Federal Contractor Minimum Wage Final Rule Requires $15.00 Minimum Wage


  • Continues to index the federal contract minimum wage in future years to inflation;
  • Eliminates the tips minimum wage for federal contractor employees by 2024; and
  • Insures a $15.00 minimum wage for workers with disabilities performing work on or in connection with covered contracts.

Because of the impact of this higher federal minimum wage for federal contractors and certain subcontractors, it is important for employers to understand who is covered by the requirements. In general, the requirements apply to federal contractors, and those subcontractors who are either covered by the Davis-Bacon Act, by the Service Contract Act, contracts for concessions; or contracts entered with the Federal Government in connection with Federal property or lands and related to offering services for Federal employees, their dependents or the general public supply services, but not who supply products.  It specifically does not apply to contracts related to the manufacturing or furnishings of materials, supplies, articles or equipment to the Federal Government.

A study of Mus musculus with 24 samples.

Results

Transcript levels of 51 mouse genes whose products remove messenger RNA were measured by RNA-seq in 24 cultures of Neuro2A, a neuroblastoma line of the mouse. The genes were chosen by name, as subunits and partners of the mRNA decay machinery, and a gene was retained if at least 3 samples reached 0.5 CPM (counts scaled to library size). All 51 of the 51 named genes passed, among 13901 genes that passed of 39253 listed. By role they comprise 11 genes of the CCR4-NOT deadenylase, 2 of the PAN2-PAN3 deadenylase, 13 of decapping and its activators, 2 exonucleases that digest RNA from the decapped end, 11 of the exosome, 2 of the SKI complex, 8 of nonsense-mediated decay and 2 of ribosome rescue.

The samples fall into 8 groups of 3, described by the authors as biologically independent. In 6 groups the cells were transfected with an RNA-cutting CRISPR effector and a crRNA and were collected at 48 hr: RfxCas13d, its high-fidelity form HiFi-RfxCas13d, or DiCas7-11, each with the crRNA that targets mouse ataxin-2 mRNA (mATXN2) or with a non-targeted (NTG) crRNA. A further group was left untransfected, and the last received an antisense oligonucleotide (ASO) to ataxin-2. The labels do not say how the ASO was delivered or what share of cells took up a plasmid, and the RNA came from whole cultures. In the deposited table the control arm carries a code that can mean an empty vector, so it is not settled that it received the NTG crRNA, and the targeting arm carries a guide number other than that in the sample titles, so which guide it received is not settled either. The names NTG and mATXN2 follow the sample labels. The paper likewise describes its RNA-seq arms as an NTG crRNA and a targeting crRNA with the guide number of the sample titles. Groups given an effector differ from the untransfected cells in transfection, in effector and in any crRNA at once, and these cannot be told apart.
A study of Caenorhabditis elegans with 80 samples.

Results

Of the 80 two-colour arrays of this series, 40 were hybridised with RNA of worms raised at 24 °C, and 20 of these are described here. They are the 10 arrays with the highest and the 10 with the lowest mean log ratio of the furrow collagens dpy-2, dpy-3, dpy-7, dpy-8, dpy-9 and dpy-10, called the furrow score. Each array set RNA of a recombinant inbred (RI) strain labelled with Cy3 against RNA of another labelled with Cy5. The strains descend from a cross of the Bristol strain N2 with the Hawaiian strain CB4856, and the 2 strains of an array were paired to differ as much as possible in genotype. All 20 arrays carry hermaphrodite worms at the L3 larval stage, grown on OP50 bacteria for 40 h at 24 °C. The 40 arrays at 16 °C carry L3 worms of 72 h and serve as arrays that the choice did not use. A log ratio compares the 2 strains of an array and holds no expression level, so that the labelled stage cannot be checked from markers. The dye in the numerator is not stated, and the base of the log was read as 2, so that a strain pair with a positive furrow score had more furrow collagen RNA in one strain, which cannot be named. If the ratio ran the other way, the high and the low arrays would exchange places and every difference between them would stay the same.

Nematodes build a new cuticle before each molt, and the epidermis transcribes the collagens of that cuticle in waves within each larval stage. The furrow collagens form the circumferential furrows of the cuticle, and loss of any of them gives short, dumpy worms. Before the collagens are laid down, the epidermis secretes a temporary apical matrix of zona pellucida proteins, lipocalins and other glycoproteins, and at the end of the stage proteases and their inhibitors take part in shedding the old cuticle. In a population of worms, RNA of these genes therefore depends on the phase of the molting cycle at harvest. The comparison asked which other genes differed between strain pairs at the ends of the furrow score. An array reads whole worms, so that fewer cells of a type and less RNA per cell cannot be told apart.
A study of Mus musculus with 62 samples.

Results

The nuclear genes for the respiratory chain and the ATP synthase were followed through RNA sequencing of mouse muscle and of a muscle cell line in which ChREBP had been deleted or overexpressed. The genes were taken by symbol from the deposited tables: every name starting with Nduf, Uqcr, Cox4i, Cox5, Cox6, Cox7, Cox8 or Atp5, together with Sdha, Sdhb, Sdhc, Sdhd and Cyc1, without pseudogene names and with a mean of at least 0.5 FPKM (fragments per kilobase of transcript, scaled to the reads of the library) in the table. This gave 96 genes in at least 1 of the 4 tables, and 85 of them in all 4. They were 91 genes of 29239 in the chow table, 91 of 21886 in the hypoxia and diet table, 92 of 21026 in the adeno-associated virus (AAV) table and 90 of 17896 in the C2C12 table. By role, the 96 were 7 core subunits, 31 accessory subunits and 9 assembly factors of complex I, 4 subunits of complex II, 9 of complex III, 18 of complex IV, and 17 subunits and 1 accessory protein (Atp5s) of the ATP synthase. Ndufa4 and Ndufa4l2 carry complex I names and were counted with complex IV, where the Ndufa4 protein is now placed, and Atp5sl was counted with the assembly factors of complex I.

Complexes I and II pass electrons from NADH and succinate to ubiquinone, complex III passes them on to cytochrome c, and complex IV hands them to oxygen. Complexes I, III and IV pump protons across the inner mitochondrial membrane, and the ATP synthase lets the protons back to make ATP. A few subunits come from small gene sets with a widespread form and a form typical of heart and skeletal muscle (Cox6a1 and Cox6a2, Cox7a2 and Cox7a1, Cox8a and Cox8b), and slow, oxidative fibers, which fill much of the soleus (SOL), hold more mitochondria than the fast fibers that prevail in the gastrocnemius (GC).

The $15.00 an hour rate does not apply to existing contracts until that contract is renewed, extended or an option on the contract is exercised on or after January 30, 2022.  All new contracts entered into on January 30, 2022 and after obligate the contractor to pay the $15.00 an hour minimum wage.  If a solicitation is accepted before January 30, 2022 but the contract is to be signed on January 30, 2022, some special rules apply.  Please give us a call if you are in that situation.

This is part of our January 2022 Newsletter.